Posted by Arden Wells
I am either the unluckiest or luckiest person in the world. It depends on how you look at it. Natural disasters follow me around the world. So far, though, I’ve managed to emerge unscathed.
One of my favorite aspects of the McDermott funding is the flexibility of study abroad and the encouragement to step outside your comfort zone. I’ve used my study abroad opportunities to see as much geology as possible. In the past six months I’ve had the opportunity to walk out of a Mexican copper mine with bright blue ores in my hands, watch glaciers calve in Chile, hike in the Andes in Peru, swim under lava tubes in the Galapagos Islands, and hang out with Mt. Everest and its neighbors. These beautiful formations are formed by powerful geologic events, many of which are ongoing. Unfortunately, I have a knack for getting stuck in the middle of these events.
About a week ago, Volcán de Colima had its biggest eruption since 1913. Hundreds of people were evacuated and inches of ash covered the local villages. At this time last year I was working in a volcanology lab in Colima, Mexico, researching this volcano. One of our tasks was to fly over the volcano in a 6-passenger plane to collect thermal data. Volcán de Colima began degassing while we were flying above it, which was terrifying. When your pilot says, “It’s okay, if the engine fails we can just float back to the ground,” it’s hard to not feel unsettled. The volcano exploded as soon as we hit the ground.
Along with my first near-plane crash, my first earthquake occurred last summer in Mexico. I was at a seismic surveying station on top of Nevado de Colima, a dormant volcano about 12,400 feet tall, where we were tracking Volcán de Colima’s activity below. We felt a little rumble, a local fireman pointed to a softly-swinging pendulum on the wall, and that was that. Earthquake, volcano, high altitude….I felt pretty cool.
My second earthquake was this spring in Nepal. I was sitting a little village called Sete in the Himalayan foothills with my environmental studies class when it occurred. Everybody in Sete was safe. When we got a radio signal and found out that the epicenter was near Kathmandu, there was a solemn silence throughout the whole group. This earthquake wasn’t the cool type. It was the really, really bad type.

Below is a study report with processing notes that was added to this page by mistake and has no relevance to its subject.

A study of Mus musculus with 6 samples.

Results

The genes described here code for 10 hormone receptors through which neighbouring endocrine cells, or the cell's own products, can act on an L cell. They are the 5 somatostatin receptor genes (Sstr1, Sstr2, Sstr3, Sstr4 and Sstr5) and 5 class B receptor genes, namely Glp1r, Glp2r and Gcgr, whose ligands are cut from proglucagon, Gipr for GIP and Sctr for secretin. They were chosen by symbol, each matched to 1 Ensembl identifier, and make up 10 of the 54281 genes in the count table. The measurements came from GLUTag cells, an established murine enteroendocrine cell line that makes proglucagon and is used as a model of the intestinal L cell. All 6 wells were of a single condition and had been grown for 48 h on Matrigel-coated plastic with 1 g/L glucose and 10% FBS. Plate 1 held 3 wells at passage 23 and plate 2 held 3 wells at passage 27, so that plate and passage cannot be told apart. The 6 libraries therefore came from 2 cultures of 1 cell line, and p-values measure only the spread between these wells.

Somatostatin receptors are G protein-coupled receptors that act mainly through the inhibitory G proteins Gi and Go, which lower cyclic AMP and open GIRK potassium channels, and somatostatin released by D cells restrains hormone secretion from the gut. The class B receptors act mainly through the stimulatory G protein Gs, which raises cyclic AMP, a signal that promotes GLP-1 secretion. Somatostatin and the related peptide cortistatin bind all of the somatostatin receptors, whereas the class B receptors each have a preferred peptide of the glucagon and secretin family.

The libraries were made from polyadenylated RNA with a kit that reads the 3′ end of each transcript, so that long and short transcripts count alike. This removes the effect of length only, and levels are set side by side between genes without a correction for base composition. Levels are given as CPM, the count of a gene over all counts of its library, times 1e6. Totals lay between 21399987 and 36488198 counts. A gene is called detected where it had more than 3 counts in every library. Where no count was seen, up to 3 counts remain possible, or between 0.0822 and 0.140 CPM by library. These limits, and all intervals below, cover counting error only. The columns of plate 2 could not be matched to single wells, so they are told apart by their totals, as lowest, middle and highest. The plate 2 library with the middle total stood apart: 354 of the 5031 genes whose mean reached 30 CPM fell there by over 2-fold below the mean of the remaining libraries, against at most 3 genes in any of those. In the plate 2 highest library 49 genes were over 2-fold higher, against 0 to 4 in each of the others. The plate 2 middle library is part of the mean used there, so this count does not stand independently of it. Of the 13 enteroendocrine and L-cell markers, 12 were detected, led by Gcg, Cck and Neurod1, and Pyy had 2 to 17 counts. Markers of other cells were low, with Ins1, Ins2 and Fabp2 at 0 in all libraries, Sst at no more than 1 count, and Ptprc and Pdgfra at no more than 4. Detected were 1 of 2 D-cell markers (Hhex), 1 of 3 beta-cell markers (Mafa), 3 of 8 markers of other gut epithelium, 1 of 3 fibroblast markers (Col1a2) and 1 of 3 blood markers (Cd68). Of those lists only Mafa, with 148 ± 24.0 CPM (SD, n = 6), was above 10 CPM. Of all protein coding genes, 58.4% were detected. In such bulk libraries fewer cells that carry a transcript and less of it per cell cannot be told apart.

We decided to stay in Nepal to continue our class. There were aftershocks here and there, but we were sleeping in tents and didn’t want to go back to Kathmandu sooner than we absolutely had to. Our course was eventually cut a few days short after an unsettlingly close earthquake.
The McDermott program and UT Dallas did everything in their ability to keep their disaster-prone scholar safe. My parents were in regular contact with Molly Seeligson, the McDermott Program’s director, until I returned home from Nepal, and I was given the option to be evacuated earlier through UT Dallas’s travel insurance. When I walked into the McDermott office on the morning I arrived in Dallas from Nepal, I was met with big hugs, and the McDermott staff visiting Washington D.C. were immediately called so that they could know I was safe.
From Dallas, I went straight to Houston, where my parents had moved while I was abroad. The week I got there, Houston flooded. Seriously?
In retrospect the Houston floods were a much-needed reminder that tragedies can occur anywhere. I never want my fears to place limits on my ability to explore and enjoy our world. If beautiful hiking trails are along active plate margins and faults, earthquakes and volcanic eruptions are risks I’ll gladly take. Besides, I’m not always cursed—I traveled through the west coast of South America for two and a half months without being in the immediate vicinity of any disasters (Chile’s Villarrica Volcano didn’t erupt until I had been out of the country for a whole week).
I’m currently staying at the University of Missouri-Kansas City, conducting research. The day I moved into my dorm here, sirens blared through the streets and a tornado shredded a Walmart nearby. Go figure.